Seven ways recent interest rate increases will affect the mortgage market
The market is likely anticipating greater government spending and potential tax cuts that could increase demand and prices. These rate increases will have seven important consequences for the mortgage market:
- Significantly fewer mortgages will be originated. The average rate on outstanding mortgages as of December 7 was 4.24 percent. A borrower must save at least 75 basis points (1 basis point is 0.01 percent) to find refinancing worth the cost and hassle. Using this assumption, refinancing would be economically worthwhile for 16 percent of current outstanding mortgages, down from 84 percent in 2012 and over 45 percent earlier this year.
Close to half of all mortgage originations were refinances in the first half of this year (see page 11). This interest rate change will eliminate most of these originations, slashing the number of mortgage originations and making mortgage banking less profitable.
- Home prices will rise. The same factors that are causing higher interest rates (greater demand, pressure on prices) will increase home prices. Higher prices should bring higher incomes, which will allow for higher housing payments. The cost of new homes also will be higher as labor and materials are affected by inflation, pushing up home prices from the supply side. This trend toward higher prices will be magnified by the inadequate supply of new units, a factor we don’t see changing quickly.
- Mortgage delinquencies and the number of underwater mortgages will decrease. As home prices rise, the amount of equity borrowers have in their homes will increase. Delinquencies will go down, as equity is one of the largest determinants of mortgage performance.
- Trade-up buying may decrease. Borrowers may be reluctant to sell their home to trade up, as they will face a higher mortgage rate on their new purchase. This will negatively affect home sales.
- Access to credit is likely to expand. As mortgage bankers try to compensate for the huge decline in mortgage originations, they will be more likely to lend to creditworthy borrowers who have less than perfect credit, borrowers who currently find it difficult to obtain a mortgage.
This happened in 2000, the last time there was a major rate increase. Interest rates in 2000 were, on average, close to 100 basis points (or 1 percent) higher than in 1999 or 2001. Volumes plummeted, but credit access expanded. The combined loan-to-value ratios on full-documentation, fully amortizing Freddie Mac loans increased 1.2 percent (from 77.6 percent in 1999 to 78.8 percent in 2000), and the original debt-to-income ratios increased from 33.2 percent in 1999 to 35.2 percent in 2000.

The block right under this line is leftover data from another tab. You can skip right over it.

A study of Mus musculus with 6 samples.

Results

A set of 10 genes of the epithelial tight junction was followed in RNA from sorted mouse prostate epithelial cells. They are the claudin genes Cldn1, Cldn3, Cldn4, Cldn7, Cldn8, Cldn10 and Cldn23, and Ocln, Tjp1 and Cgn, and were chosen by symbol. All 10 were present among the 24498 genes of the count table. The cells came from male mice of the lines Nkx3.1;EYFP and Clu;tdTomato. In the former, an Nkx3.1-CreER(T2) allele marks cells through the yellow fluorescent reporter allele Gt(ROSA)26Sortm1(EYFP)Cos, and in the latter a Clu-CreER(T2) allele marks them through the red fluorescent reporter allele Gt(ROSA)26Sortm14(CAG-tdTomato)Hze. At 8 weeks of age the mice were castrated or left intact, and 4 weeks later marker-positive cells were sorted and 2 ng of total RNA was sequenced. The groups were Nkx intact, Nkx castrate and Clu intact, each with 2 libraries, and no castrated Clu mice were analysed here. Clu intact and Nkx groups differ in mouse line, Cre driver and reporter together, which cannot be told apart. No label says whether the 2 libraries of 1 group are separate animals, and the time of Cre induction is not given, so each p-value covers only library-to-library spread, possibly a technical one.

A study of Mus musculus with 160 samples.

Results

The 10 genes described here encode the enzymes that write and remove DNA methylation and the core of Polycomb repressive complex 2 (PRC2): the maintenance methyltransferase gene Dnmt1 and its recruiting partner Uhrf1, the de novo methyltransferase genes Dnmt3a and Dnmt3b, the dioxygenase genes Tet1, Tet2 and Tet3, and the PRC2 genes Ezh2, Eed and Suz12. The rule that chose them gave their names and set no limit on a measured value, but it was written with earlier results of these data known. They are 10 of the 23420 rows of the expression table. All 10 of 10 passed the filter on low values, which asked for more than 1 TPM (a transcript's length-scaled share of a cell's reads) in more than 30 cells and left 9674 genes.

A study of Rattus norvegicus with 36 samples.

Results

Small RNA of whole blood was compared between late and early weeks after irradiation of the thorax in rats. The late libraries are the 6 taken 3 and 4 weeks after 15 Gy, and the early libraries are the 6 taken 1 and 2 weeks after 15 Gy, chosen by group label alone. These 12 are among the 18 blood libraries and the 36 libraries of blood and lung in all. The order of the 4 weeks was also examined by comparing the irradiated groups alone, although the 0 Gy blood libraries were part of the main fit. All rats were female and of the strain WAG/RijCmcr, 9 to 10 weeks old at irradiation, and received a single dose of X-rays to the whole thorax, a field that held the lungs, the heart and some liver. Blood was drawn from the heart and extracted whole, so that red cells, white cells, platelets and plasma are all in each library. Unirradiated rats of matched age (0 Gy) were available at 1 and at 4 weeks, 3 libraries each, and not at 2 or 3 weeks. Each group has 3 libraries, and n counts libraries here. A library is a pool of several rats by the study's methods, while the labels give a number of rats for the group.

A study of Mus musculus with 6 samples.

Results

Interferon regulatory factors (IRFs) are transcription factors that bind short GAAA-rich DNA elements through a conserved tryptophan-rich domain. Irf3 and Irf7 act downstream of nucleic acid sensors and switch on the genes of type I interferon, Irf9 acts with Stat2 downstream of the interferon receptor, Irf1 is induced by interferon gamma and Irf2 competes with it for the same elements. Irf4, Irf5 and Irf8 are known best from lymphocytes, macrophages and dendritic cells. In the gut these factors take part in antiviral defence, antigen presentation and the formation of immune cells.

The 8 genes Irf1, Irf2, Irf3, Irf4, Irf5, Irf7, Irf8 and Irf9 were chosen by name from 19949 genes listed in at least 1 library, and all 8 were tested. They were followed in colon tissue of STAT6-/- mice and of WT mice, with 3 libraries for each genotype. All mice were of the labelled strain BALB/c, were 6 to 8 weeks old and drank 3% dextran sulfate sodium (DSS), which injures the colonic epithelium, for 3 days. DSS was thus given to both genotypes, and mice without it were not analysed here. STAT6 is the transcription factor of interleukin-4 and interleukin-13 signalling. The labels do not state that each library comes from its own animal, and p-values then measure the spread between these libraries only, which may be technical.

- Risk transfer innovations could slow. The Federal Housing Finance Agency requires that Fannie Mae and Freddie Mac transfer some of the credit risk on at least 90 percent of the targeted securities. To date, Fannie Mae and Freddie Mac have used back-end credit-risk transfer deals to off-load this risk, selling the risk after it is already on their books. As we and others have suggested, the Federal Housing Finance Agency is considering heavier use of front-end deals in which the risk is sold before the mortgage security is created. Unfortunately, the dwindling volumes we anticipate could easily slow this initiative.
- The mortgage-lengthening effect of three factors could push mortgage rates even higher. Factors that cause homeowners to retain their mortgages longer could turn mortgage-backed securities into longer-duration instruments. These longer-duration instruments would need to be absorbed by the market, which is the equivalent of issuing more bonds—a move that will increase rates overall.
Three factors could lengthen mortgages: a significant decline in the homeowners’ geographic mobility (which has been happening since the early 1980s), the decline in refinancing (point 1), and the decline in trade-up activity (point 4). No model adequately accounts for this phenomenon.
Rates are up because the market anticipates increased spending
Market prices reflect investors’ beliefs about the future; investors today think overall spending will increase, causing prices and interest rates to rise. The market is likely expecting the Trump administration to spend more on infrastructure and anticipating potential increased consumer spending if the new administration’s promised tax cuts materialize.
Higher prices will increase inflation, which will push up interest rates. In addition, Treasury must issue more debt to generate capital for the promised spending, putting further upward pressure on interest rates.